In Australia, most industries have been addressing sustainability issues, at least to some extent, for several years. For example, energy companies and miners have had to, at the very least, address sustainability issues for many years, as have financial services companies, government, retailers and manufacturers.

IT, however, has traditionally perceived itself to be a clean industry and has been late to focus on sustainability. Over the last couple of years, IT’s carbon footprint and ways of reducing it have become more of a focus.

Sustainable IT is made up of two components. Firstly, it consists of ways of reducing IT’s carbon emissions through activities such as datacentre consolidation or even small operational changes like power management for PCs. Secondly, and perhaps more importantly, it comprises ways in which IT and IT suppliers can enable whole organisations to reduce carbon emissions in non-IT specific activities such as by developing smart grids for utilities firms or by enabling video conferencing.
In a recent survey undertaken by Frost & Sullivan, it was revealed that, despite the global financial crisis, IT professionals, in Australia, are placing more emphasis on sustainability initiatives than was the case a year ago.

Over time, Frost & Sullivan expects sustainability to be embedded within every IT process and purchase. It will become a much more significant choice determinant for products and services over the coming years along with other determinants like price, performance and references. It will be assumed that sustainable IT offers cost benefits. This will lead organizations to seek accurate ways of determining payback periods, net present values and returns on investment. Passing on the cost of carbon usage and of recycling to the consumer will result in the benefits of sustainable IT investments being realized sooner and offering greater financial benefits. It should be noted that this is not a hypothetical comment. Incorporating carbon costs and the cost of recycling into products and services is not just a possibility. Frost & Sullivan believes that organisations will incorporate these costs and pass them onto their customers within the next three to five years, if not before.

Of course, no investment is made that does not offer clear financial benefits within a reasonable timeframe. As a technology or business activity matures, buyers start to look beyond financial benefits and more to the strategic benefits that can be offered. Foresighted IT buyers are now making sustainable IT purchases not only for financial benefits but also to differentiate themselves from their competitors. This has parallels with the evolution of outsourcing. In the early days of outsourcing, cost reduction was the dominant and often the only driver for outsourcing decisions. However, today, outsourcing buyers assume that there will be measurable cost benefits associated with an outsourcing purchase. Cost reduction is no longer the sole driver. Instead, outsourcing buyers are increasingly interested in ways that outsourcing can differentiate them from their competitors. For example, an outsourced contact centre may not only offer cost benefits but also enable an organization to fully integrate its channels to market. Multichannel integration allows many organizations to offer vastly improved customer care and hence differentiation from their competitors.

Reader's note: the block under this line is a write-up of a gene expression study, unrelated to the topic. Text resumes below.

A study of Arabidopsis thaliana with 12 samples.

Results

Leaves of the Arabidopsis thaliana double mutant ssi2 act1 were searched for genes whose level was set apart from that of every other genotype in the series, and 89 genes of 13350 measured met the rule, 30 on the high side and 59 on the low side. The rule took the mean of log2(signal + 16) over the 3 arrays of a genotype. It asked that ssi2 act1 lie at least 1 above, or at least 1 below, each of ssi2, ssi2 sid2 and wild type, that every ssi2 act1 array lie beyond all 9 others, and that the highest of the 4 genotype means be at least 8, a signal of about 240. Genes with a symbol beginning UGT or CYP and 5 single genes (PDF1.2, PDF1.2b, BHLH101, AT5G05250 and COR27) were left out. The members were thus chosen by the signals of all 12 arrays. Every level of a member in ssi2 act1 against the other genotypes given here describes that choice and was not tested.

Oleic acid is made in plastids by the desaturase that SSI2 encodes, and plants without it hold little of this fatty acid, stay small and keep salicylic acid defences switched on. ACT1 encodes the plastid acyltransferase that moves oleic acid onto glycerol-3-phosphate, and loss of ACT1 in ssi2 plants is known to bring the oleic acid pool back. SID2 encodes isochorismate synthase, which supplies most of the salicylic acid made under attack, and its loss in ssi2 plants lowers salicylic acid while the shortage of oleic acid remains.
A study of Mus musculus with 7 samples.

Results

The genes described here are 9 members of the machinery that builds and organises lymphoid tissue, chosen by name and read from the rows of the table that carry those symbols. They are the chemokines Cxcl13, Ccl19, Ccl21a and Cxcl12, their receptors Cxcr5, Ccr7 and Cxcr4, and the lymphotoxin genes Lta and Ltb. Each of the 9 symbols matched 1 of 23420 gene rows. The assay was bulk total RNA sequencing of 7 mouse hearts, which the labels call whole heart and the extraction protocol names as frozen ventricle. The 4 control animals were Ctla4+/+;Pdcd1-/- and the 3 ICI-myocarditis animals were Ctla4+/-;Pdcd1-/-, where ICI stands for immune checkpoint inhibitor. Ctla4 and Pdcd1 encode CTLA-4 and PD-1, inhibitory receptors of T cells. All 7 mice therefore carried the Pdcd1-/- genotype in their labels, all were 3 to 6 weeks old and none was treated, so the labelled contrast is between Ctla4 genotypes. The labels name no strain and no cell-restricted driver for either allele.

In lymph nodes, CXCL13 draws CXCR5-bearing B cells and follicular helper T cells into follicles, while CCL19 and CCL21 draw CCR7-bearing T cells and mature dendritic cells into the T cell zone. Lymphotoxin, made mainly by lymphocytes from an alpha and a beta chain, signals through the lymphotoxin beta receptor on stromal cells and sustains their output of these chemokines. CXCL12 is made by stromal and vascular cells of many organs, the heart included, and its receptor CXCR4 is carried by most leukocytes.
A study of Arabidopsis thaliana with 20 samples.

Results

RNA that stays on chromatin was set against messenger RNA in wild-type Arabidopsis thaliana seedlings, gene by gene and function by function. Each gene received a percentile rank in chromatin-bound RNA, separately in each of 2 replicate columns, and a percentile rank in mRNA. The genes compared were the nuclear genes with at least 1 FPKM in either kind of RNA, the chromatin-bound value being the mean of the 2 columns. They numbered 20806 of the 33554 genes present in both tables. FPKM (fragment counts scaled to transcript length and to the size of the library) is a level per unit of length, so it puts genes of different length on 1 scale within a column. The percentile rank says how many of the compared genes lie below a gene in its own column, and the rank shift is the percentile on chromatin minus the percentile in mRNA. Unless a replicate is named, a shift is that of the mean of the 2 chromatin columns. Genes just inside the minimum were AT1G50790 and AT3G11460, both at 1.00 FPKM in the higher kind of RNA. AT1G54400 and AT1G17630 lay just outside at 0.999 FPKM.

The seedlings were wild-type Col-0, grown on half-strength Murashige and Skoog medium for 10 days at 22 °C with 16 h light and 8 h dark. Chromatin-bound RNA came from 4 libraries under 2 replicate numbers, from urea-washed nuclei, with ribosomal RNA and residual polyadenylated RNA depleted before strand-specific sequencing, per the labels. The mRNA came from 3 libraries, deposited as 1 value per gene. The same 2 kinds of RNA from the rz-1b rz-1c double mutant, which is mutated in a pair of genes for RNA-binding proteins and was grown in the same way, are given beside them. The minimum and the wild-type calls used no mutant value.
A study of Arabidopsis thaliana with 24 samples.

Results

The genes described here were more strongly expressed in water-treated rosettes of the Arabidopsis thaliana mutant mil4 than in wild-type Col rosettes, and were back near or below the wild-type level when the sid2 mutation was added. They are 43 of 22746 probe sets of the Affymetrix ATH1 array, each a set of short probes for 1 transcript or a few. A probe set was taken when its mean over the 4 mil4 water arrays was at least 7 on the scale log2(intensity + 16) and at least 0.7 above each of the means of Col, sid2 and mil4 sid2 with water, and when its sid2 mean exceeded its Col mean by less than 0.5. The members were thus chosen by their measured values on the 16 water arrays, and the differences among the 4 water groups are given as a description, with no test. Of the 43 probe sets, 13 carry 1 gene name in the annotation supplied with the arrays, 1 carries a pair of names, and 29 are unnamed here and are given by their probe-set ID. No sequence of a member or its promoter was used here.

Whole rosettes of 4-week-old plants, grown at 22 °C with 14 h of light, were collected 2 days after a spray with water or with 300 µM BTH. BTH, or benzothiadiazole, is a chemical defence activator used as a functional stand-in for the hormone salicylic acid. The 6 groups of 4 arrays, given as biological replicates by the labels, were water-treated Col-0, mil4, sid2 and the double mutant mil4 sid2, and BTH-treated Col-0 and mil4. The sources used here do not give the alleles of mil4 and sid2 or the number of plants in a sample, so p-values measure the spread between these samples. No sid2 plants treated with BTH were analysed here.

Seeking business benefits beyond cost reductions can also be expected to occur when buyers examine sustainable IT options. For example, a utilities firm might invest in developing a smart grid, not only to manage costs over a period of time but also to differentiate its customer offerings from competitors. A utilities service that can provide information about energy use per device can differentiate that service and offer additional value to customers.

Key advances in technology use in Australia will complement the move to sustainable IT. The National Broadband Network will allow an increasing number of services to be provided over the Internet, further enabling service dematerialization such as the elimination of CDs.

The move to cloud computing together with server virtualization will also create greater efficiencies and economies of scale in the datacentre.

Another major sustainable IT issue is e-waste. Australia has yet to implement e-waste legislation which exists in many other mature economies. IT products contain comparatively large amounts of embodied energy yet, they have relatively short life spans. Questions are being raised about the life spans of IT products. For example, why do we dispose of all the components of a laptop computer each time we purchase a new one? Can’t we, for example, re-use our keyboards or monitors? As yet, there are no clear answers to these questions? This suggests that the bulk of the IT industry still has some way to go before sustainable practices are embedded into all parts of the IT supply chain.
Nevertheless, IT stakeholders are becoming increasingly aware of the benefits and challenges associated with sustainability issues and sustainability is becoming a key component of, at least some, critical IT-related decisions.